An evangelical group in Costa Rica has encouraged Christian followers to file constitutional challenges against a plan to teach sexual education in public schools. So far, Costa Ricans have filed more than 2,500 complaints to the Constitutional Chamber of the Supreme Court, or Sala IV, the Judicial Branch’s press office said Tuesday.
A statement from the Sala IV said the first appeal arrived on June 26, and that the court has already begun reviewing it, making the other complaints an unnecessary use of resources on the same subject.
Both the Catholic Church and evangelicals have rejected the sexual education lesson plan, which focuses on topics including building self-esteem and ways to prevent pregnancy. In the churches’ opinion the material encourages students to start up sexual relations at a younger age.
Authorities, however, believe this education is essential to reduce the number of teenage pregnancies in Costa Rica, which last year was 13,500. The material also will help prevent the spread of sexually transmitted diseases, the Education Ministry said.
The Evangelical Alliance, which united the various protesters, threatened to file thousands of legal challenges as a means of exerting pressure so that judicial officials suspend the implementation of the educational program.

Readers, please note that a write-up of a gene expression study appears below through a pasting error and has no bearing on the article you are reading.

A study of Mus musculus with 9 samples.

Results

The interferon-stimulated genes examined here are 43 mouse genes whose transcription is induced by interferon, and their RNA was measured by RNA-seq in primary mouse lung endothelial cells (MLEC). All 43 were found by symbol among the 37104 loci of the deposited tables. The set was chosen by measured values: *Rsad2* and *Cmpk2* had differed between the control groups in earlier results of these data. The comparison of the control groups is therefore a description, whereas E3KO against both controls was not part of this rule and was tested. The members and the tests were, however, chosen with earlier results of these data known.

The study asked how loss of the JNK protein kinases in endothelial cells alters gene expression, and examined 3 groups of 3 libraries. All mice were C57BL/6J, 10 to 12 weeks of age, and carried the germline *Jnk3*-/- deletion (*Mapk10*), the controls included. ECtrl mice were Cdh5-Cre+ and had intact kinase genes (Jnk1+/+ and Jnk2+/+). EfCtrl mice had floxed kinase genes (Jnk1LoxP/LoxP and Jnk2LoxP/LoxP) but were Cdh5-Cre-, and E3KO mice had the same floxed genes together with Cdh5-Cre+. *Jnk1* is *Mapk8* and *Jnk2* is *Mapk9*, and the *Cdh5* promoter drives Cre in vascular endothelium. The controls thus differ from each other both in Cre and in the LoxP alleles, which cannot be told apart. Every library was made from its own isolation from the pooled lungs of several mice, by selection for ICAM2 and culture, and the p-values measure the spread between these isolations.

“The public should realize that the number of appeals filed on the same subject does not have any influence on the the court and whether the ruling would be favorable or unfavorable,” Sala IV judges responded. “The bottom line is based on criteria recognized by the Constitution, and only one appeal is necessary to decide this issue.”
Several previous administrations have tried to strengthen sex-education programs for children and adolescents in schools, but all have faced pressure from the Catholic Church and other religious groups that consider the topic of sexuality an issue exclusive to homes and churches.